A history resource article by Mary Harrsch © 2015
|Bust of the Roman Emperor Claudius|
Photographed at the Museo Archaeologico
Nazionale di Napoli in Naples, Italy
by Mary Harrsch © 2007
"He ate and drank in excess regularly, rarely leaving his dining room until he was "stuffed and soaked". This caused him to gain considerable weight in later years and produced heartburn so severe that it is reported that he contemplated suicide as his only means of relief."
Thus begins a study to determine what may have caused the Roman Emperor Claudius' death as a clinical exercise at a 2001 clinical pathologists' conference at the University of Maryland School of Medicine. Each year, a team of practicing pathologists and historical consultants select a famous individual from the past whose manner of death remains speculative and attempts to derive a definitive cause of death.
Claudius' case is examined by Drs. William A. Balente, MD, Richard J. A. Talbert, PhD, Judith P. Hallett, PhD and Philip K. Mackowiak, MD.
The researchers continue:
"Born prematurely after only 7 months of gestation, he suffered from a succession of disorders including milk allergy, malaria, measles, deafness, and colitis. He suffered from weakness in both legs to the extent that he noticeably limped and could not walk more than a short distance without assistance. He had longstanding tics and jerks of his head and hands, as well as a stammer and drooling, which were most pronounced when he was excited. He was also prone to fits of inappropriate laughter."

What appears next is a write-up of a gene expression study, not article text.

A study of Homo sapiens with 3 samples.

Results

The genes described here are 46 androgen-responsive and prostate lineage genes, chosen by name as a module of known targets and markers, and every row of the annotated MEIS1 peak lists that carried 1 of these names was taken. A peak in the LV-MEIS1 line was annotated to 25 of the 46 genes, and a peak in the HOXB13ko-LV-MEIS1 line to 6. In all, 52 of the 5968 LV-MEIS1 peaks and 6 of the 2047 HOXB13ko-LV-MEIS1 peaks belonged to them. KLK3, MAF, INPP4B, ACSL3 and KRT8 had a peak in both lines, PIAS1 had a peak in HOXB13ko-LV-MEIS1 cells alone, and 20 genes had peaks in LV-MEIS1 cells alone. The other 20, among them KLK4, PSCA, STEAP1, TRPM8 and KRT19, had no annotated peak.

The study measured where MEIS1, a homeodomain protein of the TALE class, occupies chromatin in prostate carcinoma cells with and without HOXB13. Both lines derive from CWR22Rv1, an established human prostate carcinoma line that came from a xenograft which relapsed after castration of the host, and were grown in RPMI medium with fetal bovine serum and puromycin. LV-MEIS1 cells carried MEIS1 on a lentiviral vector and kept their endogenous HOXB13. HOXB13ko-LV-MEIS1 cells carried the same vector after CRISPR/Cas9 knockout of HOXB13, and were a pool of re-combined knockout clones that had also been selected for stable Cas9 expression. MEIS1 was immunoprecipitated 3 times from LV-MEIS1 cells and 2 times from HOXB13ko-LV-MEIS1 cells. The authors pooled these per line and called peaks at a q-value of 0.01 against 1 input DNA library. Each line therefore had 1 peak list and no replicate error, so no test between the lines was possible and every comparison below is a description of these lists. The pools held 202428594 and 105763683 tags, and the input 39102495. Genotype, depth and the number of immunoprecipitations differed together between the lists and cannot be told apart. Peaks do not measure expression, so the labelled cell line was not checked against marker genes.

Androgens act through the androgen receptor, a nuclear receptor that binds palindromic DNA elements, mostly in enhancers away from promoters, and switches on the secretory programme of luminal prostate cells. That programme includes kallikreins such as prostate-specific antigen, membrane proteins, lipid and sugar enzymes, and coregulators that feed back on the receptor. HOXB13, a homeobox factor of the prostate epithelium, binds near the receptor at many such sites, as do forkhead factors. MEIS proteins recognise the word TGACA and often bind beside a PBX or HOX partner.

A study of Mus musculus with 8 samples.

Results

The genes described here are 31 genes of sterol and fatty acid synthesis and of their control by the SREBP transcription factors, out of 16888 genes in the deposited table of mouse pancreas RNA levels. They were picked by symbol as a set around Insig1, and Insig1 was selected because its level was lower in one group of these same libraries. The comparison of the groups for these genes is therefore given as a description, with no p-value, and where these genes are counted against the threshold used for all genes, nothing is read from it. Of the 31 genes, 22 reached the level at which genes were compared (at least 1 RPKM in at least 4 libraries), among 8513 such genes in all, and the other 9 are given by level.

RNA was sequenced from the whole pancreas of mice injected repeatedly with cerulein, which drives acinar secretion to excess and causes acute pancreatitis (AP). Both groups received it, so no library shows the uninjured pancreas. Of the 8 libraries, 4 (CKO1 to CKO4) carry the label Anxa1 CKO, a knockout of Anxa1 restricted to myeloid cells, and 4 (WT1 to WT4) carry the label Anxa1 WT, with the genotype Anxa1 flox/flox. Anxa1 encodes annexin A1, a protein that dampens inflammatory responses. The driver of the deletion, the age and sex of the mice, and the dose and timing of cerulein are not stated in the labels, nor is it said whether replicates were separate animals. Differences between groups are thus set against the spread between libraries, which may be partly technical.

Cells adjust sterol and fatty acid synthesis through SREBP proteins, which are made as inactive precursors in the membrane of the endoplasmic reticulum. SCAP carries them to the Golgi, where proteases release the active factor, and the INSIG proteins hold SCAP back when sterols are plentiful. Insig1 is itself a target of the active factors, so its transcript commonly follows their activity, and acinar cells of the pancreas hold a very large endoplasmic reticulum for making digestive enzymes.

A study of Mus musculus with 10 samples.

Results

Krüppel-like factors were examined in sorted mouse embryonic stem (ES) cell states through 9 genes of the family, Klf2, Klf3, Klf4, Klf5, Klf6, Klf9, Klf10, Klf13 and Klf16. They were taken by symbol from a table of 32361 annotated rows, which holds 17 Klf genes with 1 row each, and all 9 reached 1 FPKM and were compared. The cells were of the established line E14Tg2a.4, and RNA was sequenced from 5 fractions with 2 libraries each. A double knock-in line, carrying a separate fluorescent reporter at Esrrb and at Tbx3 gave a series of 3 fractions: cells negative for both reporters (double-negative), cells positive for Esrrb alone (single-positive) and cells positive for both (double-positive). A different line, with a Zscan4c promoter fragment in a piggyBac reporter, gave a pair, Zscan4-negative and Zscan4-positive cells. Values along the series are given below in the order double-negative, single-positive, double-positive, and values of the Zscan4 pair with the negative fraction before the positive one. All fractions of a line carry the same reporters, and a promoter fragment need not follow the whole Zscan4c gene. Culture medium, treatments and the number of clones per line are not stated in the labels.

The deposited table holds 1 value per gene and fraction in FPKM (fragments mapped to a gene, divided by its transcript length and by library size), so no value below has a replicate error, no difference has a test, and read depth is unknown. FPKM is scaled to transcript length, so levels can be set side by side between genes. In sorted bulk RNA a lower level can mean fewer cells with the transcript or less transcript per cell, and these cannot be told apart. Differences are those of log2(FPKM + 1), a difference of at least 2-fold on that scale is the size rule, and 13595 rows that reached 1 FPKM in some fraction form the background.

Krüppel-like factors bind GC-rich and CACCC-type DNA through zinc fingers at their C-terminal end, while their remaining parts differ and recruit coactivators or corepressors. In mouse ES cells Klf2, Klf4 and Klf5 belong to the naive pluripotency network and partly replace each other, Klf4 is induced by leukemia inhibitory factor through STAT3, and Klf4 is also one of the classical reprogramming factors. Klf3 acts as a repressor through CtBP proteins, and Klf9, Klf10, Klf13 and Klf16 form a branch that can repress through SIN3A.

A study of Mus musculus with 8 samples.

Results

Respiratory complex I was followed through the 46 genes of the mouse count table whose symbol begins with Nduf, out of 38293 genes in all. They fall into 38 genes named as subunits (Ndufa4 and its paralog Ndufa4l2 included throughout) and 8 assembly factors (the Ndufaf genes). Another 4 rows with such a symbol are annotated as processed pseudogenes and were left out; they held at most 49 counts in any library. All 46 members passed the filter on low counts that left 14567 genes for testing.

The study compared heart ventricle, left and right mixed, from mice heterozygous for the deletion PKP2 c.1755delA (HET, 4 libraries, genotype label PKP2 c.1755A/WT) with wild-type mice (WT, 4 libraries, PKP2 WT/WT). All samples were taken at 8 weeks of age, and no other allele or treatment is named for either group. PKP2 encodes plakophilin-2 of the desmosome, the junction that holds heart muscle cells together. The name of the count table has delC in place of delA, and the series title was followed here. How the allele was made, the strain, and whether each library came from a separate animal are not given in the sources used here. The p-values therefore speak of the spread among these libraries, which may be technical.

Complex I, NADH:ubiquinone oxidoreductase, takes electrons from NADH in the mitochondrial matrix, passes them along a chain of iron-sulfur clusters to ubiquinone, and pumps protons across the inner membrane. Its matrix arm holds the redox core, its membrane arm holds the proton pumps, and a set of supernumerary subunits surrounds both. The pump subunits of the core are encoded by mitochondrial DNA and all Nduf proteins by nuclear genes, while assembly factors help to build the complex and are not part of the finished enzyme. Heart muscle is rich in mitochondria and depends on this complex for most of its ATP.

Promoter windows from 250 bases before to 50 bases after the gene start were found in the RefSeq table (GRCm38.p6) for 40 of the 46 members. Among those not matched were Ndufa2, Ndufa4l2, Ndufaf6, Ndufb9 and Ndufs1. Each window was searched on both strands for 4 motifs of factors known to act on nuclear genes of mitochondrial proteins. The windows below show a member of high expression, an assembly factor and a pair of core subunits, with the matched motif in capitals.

|Claudius cowers behind a curtain after the murder of his younger brother, the|
Roman emperor Gaius (Caligula) Caesar. He is astonished when the Praetorian
Guard declare him Emperor instead of murdering him as well. "A Roman
Emperor AD 41" by Sir Lawrence Alma-Tadema courtesy of Wikimedia.
"An attending physician induced additional vomiting by placing a feather in the back of the patient's throat. Shortly thereafter, the emperor became confused and exhibited signs of unremitting abdominal pain and fecal incontinence. He died 12 hours later."
Was it a case of the "cure" being worse than the disease? (PDF of original article reprinted with permission)
Although the team ends up suspecting that a particular variant of mushroom was a contributor to Claudius' death, surprisingly, the researchers point to Claudius' existing physical disabilities as the reason the episode is ultimately fatal. In fact, the researchers suspect if Claudius had not be otherwise impaired, the assassination attempt probably would have failed.
I found Dr. Valente's discussion of possible causes of Claudius' long list of physical defects to be most interesting. He eventually arrives at a conclusion that Claudius suffered from congenital dystonia caused by abnormal basal ganglia - brain cells interconnected with the cerebral cortex, thalamus, and brainstem - the result of an extremely premature birth. Typical of this disorder, Claudius suffered from a twisting of the foot, involuntary cranial and cervical muscle contractions, an inability to control salivation at times and hypertrophy of the neck muscles as seen in some of his portrait sculptures. Claudius' excellent cognitive function, however, enabled the researchers to eliminate a number of other conditions.